Tuesday, July 03, 2012


I just came back from a round trip through Tunisia, which we did in a comfortable bus with a very good driver who also served as guide when the official guide didn't know !

All in all we rode 1530 km (951 miles) on very good streets over the whole country.

Our first stop was Sousse, where we also spent 2 nights.

Sousse is small city, located 140 km south of the capital Tunis.  Sousse is in the central-east of the country, on the Gulf of Hammamet, which is a part of the Mediterranean Sea. The name may be of Berber origin. Its economy is based on transport equipment, processed food, olive oil, textiles and tourism. It is also home to the "Université de Sousse". If you want to know more about this town and its history it's here.

The following morning after our arrival, we visited the port of Sousse. It has become a very touristic place since I had been there in the 80th !

This is not a town wall as you could believe but the entrance of a shopping center, built in the old style.

The architecture of the new houses were just beautiful

In the port was this fancy Restaurant looking like a Pirate ship.

Carriage owners were waiting for clients and this one used the time for a good cleaning.

Our guide employed by the Tunisian Travel Service unfortunately didn't know what this monument was (in fact he new very little to explain throughout the whole trip) the street leads to the entrance of the "Medina" which is the old town center.

From far we saw the mosque

We didn't go inside and saw it only from outside

Everywhere there were souvenirs to buy

Inside the Medina you could still find old craftsmen, this one was a shoemaker

and typical little sidestreets behind the shops

Tourists mixed with the locals

beautiful old doors

and as it was a Sunday, women were out shopping with their children.

El Djem - Amphitheatre

El Djem is home to some of the most impressive Roman remains in Africa, which is the famous amphitheater. It is capable of seating 35,000 spectators. Only the Flavian Amphitheater in Rome (about 45,000 spectators) is larger. The amphitheatre at El Djem was built by the Romans around 238 and was mainly used for gladiator shows and chariot races (like in Ben-Hur). Many tourists come here to see what it was like to be inside what was once a place where lions and people met their fate. Much of it is crumbled but the essence of it still remains. It is also possible that construction of the amphitheatre was never finished. You can read more about its history here.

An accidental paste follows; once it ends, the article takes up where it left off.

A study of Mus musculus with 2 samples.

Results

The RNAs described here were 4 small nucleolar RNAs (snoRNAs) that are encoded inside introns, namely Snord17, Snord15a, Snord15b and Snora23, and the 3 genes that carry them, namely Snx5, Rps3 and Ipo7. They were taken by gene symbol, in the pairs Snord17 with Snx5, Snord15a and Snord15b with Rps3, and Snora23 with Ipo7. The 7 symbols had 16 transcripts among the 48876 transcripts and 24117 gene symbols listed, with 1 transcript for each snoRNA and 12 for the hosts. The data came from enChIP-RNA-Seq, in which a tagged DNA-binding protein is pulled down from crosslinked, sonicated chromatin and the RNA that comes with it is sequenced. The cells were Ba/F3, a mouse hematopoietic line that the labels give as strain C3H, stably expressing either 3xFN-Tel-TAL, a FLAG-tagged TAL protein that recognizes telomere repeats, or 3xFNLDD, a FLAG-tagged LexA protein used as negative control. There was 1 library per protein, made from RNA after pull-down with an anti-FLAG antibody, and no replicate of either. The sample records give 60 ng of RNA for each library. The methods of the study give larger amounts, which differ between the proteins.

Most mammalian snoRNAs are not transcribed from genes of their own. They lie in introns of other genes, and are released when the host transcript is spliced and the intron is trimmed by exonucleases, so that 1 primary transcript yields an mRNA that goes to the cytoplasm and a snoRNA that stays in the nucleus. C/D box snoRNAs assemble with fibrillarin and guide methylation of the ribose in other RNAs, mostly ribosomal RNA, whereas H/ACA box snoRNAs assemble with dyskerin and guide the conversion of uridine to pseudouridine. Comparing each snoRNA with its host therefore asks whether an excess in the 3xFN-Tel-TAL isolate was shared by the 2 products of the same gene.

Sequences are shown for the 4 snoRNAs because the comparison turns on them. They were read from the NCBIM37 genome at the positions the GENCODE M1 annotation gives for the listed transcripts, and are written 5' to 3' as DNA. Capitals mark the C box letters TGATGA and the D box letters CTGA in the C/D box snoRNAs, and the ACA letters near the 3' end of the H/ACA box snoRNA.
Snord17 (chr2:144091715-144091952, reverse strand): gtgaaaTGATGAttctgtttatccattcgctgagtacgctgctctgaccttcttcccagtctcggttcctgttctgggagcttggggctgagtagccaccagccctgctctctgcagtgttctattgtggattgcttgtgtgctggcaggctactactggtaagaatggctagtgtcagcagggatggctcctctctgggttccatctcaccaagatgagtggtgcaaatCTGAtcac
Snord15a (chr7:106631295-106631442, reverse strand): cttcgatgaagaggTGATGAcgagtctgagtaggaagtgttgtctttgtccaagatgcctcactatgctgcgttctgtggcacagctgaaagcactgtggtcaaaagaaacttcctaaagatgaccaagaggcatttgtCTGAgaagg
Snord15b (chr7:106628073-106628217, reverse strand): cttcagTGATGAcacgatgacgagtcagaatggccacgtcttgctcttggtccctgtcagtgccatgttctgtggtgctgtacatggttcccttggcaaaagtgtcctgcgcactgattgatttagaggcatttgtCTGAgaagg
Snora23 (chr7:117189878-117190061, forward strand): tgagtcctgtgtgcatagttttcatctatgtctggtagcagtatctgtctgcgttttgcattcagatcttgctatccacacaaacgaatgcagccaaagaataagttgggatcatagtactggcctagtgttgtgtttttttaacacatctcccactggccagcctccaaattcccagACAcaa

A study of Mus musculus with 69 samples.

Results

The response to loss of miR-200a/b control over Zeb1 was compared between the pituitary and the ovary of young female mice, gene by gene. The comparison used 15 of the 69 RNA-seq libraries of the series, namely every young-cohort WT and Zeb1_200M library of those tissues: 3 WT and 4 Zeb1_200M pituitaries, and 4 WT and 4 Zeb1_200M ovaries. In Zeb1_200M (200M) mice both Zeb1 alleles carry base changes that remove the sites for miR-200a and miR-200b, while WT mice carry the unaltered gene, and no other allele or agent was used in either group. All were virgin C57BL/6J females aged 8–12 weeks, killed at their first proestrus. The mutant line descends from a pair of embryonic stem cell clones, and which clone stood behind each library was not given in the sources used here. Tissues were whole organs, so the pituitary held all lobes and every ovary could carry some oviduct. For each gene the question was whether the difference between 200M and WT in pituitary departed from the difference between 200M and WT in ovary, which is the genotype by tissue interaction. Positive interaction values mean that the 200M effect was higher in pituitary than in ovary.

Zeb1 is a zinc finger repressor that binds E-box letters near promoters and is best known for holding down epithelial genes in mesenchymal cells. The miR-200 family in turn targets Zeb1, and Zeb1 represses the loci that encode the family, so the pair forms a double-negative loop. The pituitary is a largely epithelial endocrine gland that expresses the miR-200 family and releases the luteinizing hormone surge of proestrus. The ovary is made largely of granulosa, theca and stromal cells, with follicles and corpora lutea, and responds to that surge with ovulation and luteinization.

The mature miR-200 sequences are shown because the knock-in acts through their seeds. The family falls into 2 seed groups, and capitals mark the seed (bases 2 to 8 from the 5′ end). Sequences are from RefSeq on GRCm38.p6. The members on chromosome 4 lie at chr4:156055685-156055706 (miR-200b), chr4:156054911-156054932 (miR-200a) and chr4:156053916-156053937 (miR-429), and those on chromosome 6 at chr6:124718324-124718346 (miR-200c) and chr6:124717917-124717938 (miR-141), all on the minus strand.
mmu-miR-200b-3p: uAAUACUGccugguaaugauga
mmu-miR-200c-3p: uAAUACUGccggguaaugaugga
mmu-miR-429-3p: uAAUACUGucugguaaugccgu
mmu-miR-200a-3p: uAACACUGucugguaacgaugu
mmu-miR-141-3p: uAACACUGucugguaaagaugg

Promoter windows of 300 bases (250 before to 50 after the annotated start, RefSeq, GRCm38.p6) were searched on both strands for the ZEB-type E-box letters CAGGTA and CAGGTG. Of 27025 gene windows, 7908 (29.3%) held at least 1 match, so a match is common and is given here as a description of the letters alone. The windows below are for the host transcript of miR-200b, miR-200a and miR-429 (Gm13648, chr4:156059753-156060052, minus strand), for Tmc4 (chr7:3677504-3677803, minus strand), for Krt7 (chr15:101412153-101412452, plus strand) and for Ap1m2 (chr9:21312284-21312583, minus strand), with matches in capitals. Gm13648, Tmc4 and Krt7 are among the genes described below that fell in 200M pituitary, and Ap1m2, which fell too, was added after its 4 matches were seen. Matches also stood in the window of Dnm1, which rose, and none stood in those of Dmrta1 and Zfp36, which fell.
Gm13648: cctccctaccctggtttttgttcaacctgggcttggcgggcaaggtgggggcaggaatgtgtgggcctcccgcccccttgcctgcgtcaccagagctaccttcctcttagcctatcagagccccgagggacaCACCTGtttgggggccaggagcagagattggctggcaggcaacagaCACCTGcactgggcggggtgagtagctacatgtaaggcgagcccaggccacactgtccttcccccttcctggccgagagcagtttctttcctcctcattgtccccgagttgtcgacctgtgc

It really looks very impressive and takes you way back into Romans times.

under this grid are the catacombs where the lions were kept and also housed the Gladiators.

When you are down there it is quite thrilling to look up !

Was there a hungry lion in this cage which waited for some good human food ?

The thickness of the walls were impressive

and I wonder if this was a Roman graffiti ?


Thanks for the photo tour. I have not travelled around Tunisia but I did go to Sousse about 6 years ago and remember it well from your photos but I didn't see that monument. Does it relate to the recent 'Arab Spring' which, of course, started in Tunisia?

eileeninmd said...

Wow, thanks for the wonderful tour. It is interesting seeing these countries I will probably never visit. Very cool seeing the El Djem, it is an amazing place full of history. Thanks for sharing, have a great day!

Unknown said...

What a wonderful roue!! Boom & Gary of the Vermilon River, Canada.

Barb said...

I enjoyed touring with you! Those ruins were impressive. Glad you didn't meet any lions!